A very great and sincere thank-you to the kind people whose supportive comments responded to my recent post.
One of my big struggles with kyudo (Japanese archery, and my style is an "internal," contemplative style) has involved "doing." I'm a big "doer," it's got its advantages and disadvantages, but as a "doer," "not doing" directly confronts one of the very things you need to work on the most. My style of kyudo is more about offering and then receiving with open arms than taking ownership; the more you take ownership of your shot, the more you miss the point of the whole process. I'm currently at a bit of an impasse with the practice (a very interesting position, to be at an impasse with a practice centered around "openness") specifically because I'm not bringing myself to the bow, I'm still holding the bow away from me--I know I'm afraid of the bow, of something, and "doing" isn't going to show me the solution. Listening will--at least, I'm pretty sure it will at least get the journey started; but currently I can't hear what the bow is trying to tell me.
And that's where I'm at with the MS. The way through this disease's process is found by being open to what it's saying to you, not by contending against it. For a "doer," hearing "It's over" is very uncomfortable.
And yet, I'm absolutely nowhere near "giving up." My qi gong practitioner was very kind to me at my last treatment; he said, "You're a very patient patient--most people would have given up by now." But here's where being a "doer" has its advantages--let's say that I give up, I throw in the towel, and just run out the clock. I give up everything because "it's over."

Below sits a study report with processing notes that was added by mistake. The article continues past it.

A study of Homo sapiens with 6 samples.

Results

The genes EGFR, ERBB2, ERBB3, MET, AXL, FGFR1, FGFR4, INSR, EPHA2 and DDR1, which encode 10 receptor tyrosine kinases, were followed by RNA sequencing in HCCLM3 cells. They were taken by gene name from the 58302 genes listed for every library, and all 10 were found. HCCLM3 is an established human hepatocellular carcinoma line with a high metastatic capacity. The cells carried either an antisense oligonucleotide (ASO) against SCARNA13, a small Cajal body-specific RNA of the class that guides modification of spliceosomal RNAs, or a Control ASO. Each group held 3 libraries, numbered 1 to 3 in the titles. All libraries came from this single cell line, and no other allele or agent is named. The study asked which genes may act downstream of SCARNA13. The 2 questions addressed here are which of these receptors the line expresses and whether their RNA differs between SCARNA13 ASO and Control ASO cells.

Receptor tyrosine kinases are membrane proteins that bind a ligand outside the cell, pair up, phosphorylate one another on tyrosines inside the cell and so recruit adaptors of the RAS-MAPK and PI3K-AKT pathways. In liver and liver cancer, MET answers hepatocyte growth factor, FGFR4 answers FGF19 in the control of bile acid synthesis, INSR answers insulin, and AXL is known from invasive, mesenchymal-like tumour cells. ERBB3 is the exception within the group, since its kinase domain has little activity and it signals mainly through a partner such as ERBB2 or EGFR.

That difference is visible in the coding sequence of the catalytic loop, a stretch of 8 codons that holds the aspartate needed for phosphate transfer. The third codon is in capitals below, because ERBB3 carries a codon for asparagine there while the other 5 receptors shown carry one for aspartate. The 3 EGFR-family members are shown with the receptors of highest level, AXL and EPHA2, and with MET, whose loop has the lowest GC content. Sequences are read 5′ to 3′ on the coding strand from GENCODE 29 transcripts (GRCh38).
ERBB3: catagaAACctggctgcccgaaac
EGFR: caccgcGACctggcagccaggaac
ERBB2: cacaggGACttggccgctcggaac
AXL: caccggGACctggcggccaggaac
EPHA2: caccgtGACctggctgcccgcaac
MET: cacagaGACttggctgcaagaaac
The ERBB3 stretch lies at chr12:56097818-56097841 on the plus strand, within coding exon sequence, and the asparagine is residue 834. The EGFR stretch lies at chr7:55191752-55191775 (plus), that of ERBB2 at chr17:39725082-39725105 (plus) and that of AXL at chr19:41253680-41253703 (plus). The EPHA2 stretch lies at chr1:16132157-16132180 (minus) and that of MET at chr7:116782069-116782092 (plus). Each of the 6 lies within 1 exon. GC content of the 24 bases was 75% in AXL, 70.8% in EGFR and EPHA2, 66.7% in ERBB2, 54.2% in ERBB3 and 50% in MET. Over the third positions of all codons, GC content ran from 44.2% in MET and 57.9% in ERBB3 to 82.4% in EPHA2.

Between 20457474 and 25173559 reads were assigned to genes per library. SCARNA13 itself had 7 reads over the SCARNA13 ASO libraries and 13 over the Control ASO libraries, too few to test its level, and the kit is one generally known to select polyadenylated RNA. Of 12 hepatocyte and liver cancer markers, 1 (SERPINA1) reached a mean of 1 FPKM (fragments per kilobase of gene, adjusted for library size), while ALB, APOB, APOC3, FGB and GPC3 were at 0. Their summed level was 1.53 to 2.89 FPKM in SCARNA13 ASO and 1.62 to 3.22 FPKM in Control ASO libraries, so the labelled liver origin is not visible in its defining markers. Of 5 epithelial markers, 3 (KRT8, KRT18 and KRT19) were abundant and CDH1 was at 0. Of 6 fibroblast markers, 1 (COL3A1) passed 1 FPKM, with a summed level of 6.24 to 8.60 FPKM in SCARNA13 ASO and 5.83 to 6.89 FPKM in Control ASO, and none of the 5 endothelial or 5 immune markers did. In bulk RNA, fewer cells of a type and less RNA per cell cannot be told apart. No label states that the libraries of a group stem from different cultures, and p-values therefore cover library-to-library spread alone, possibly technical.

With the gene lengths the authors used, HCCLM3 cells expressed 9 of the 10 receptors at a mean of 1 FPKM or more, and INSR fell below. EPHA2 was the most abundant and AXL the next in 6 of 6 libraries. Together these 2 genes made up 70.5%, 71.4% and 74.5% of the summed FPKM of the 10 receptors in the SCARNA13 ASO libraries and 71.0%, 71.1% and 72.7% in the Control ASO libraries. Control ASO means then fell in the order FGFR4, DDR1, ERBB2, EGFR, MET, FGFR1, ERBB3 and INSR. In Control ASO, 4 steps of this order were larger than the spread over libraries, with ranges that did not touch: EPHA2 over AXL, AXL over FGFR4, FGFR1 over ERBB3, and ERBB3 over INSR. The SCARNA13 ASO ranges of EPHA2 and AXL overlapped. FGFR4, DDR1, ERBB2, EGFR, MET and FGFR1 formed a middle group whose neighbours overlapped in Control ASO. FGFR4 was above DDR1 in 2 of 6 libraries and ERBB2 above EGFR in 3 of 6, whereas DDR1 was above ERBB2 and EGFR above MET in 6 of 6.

But then, there's just one question: "Now what do I ... do?"
One of my dear friends from my college days told a panel at our 25th reunion that he had had some very dark times in his life, some crises within the family that by all rights could have simply put an end to the family; and yet, horrible as those experiences were, what he learned was this:
"No matter what happens, you go on; because 'on' is the only direction you can go."
So yes, "it," whatever "it" might be, might very well be over; and yet, we go on, because on is the only direction we can go. And no matter how weird and unsettling "it" being over may be--and it is both weird and unsettling, I haven't quite processed it enough to tell whether it's tragic or not yet--despite all that, I always come to the same question:
"Now what do I do?"
Sometimes, there are advantages to being a "doer."
Thanks again for your kindness and support.